What are Sunscreens?

Sunscreens prevent the sun’s ultraviolet (UV) radiation from reaching the skin. Two types of ultraviolet radiation, UVA and UVB, damage the skin and increase the risk of skin cancer.

UVB causes sunburn, while UVA rays, which penetrate the skin more deeply, are involved with wrinkling, leathering, sagging, and other effects of photoaging. They also exacerbate the carcinogenic effects of UVB rays, and increasingly are being seen as a cause of skin cancer on their own. Sunscreens vary in their ability to protect against UVA and UVB.

How does it work?

SPF stands for Sun Protection Factor and is a measure of a sunscreen’s ability to prevent UVB from damaging the skin. For instance, if it takes 20 minutes for unprotected (without sunscreen) skin to start turning red, using an SPF 15 sunscreen prevents reddening of the skin 15 times longer — about five hours.

In order to maximize the effectiveness of your sunscreen, take the following factors under consideration:

First, no sunscreen, regardless of strength, should be expected to stay effective longer than two hours without reapplication. Second, “reddening” of the skin is a reaction to UVB rays alone and tells you little about what UVA damage you may be getting. Plenty of damage can take place without the red flag of sunburn being raised.
What to look for:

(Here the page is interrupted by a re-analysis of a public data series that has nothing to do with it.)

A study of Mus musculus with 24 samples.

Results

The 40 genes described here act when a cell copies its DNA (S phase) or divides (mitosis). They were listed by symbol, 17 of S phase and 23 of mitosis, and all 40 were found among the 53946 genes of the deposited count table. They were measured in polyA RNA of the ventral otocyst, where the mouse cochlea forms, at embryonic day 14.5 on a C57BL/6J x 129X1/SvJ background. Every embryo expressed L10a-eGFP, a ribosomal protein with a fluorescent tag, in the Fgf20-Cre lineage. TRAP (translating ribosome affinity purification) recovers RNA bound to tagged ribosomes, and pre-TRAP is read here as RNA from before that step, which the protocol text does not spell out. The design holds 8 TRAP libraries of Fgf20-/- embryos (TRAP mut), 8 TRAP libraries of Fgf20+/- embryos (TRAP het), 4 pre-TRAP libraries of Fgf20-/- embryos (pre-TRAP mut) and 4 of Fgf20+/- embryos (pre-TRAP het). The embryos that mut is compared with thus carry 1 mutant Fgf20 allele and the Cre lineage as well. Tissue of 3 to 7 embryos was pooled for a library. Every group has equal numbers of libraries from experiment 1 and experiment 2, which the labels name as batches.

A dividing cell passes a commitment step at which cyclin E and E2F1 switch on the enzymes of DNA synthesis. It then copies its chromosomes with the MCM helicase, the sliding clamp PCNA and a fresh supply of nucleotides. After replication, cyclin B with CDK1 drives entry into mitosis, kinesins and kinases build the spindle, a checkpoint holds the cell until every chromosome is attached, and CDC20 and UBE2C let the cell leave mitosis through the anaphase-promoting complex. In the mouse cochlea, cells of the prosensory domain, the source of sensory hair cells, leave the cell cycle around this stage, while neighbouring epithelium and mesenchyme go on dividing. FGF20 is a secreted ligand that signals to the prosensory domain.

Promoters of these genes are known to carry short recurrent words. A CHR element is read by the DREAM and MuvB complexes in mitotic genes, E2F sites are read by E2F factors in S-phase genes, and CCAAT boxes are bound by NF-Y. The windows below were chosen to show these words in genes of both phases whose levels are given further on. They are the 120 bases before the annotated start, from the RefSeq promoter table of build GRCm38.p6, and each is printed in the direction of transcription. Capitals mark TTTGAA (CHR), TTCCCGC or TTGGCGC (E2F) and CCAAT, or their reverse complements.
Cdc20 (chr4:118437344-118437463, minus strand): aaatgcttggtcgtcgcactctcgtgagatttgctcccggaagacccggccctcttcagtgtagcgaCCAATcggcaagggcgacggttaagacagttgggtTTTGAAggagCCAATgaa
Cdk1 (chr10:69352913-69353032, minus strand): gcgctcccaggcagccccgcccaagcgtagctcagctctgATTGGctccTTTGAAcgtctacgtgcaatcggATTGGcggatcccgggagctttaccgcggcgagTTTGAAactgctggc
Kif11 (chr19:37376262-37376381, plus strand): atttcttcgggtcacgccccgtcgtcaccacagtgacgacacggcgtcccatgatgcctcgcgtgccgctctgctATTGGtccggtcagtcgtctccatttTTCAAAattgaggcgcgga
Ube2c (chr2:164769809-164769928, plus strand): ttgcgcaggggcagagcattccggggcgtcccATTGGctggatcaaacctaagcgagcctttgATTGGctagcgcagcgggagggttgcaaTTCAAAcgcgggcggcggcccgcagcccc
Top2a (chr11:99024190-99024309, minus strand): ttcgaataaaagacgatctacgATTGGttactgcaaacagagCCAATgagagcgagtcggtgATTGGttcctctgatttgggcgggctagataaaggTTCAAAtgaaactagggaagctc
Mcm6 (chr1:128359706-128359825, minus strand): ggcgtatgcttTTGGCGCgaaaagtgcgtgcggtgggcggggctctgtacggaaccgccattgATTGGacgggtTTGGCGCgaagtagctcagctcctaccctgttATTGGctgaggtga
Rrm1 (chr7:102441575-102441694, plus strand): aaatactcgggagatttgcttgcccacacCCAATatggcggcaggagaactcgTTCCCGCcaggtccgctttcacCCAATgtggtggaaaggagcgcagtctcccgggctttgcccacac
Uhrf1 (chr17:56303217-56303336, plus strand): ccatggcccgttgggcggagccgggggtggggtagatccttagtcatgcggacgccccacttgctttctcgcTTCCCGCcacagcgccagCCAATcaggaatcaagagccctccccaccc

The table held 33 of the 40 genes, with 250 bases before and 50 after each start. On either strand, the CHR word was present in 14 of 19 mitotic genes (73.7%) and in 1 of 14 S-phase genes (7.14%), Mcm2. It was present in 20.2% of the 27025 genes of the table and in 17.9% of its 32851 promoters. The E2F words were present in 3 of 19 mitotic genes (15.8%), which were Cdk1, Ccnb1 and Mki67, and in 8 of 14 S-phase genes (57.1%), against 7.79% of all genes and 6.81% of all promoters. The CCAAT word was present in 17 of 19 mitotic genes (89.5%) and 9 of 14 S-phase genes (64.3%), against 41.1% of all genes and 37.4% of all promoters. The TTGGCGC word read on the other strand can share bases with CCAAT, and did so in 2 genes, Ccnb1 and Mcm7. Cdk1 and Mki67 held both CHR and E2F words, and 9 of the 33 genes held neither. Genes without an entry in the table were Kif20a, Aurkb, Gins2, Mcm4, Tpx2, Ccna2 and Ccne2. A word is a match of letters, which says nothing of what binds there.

Broad-spectrum sunscreen is recommended because it offers protection against both UVA and UVB rays. If you spend a lot of time outdoors, you need stronger, water-resistant, beachwear-type sunscreen that holds together on your skin. The “water resistant” and “very water resistant” types are also good for hot days or while playing sports, because they’re less likely to drip into your eyes. And remember, sunscreen must be reapplied every two hours for maximum protection. Unprotected sun exposure increases the chances of developing skin cancer as well as expedites skin aging.

Sunscreens should be applied 30 minutes before sun exposure to allow the ingredients to fully bind to the skin. Reapplication of sunscreen is just as important as putting it on in the first place, so reapply the same amount every two hours. Sunscreens should be reapplied immediately after swimming, towelling off, or sweating a great deal.

Common Myths:

Wearing sunscreen can cause vitamin D deficiency:

There is some controversy regarding this issue, however, no studies have shown that sunscreens cause vitamin D deficiency. Furthermore, vitamin D is available in dietary supplements and foods such as salmon and eggs, as well as enriched milk and orange juice.

If it’s cold or cloudy outside, you don’t need sunscreen:
This is not true. Up to 40 percent of the sun’s ultraviolet radiation reaches the earth on a completely cloudy day. This misperception often leads to the most serious sunburns, because people spend all day outdoors with no protection from the sun.
Enjoy your summer and take care of your best asset: YOU!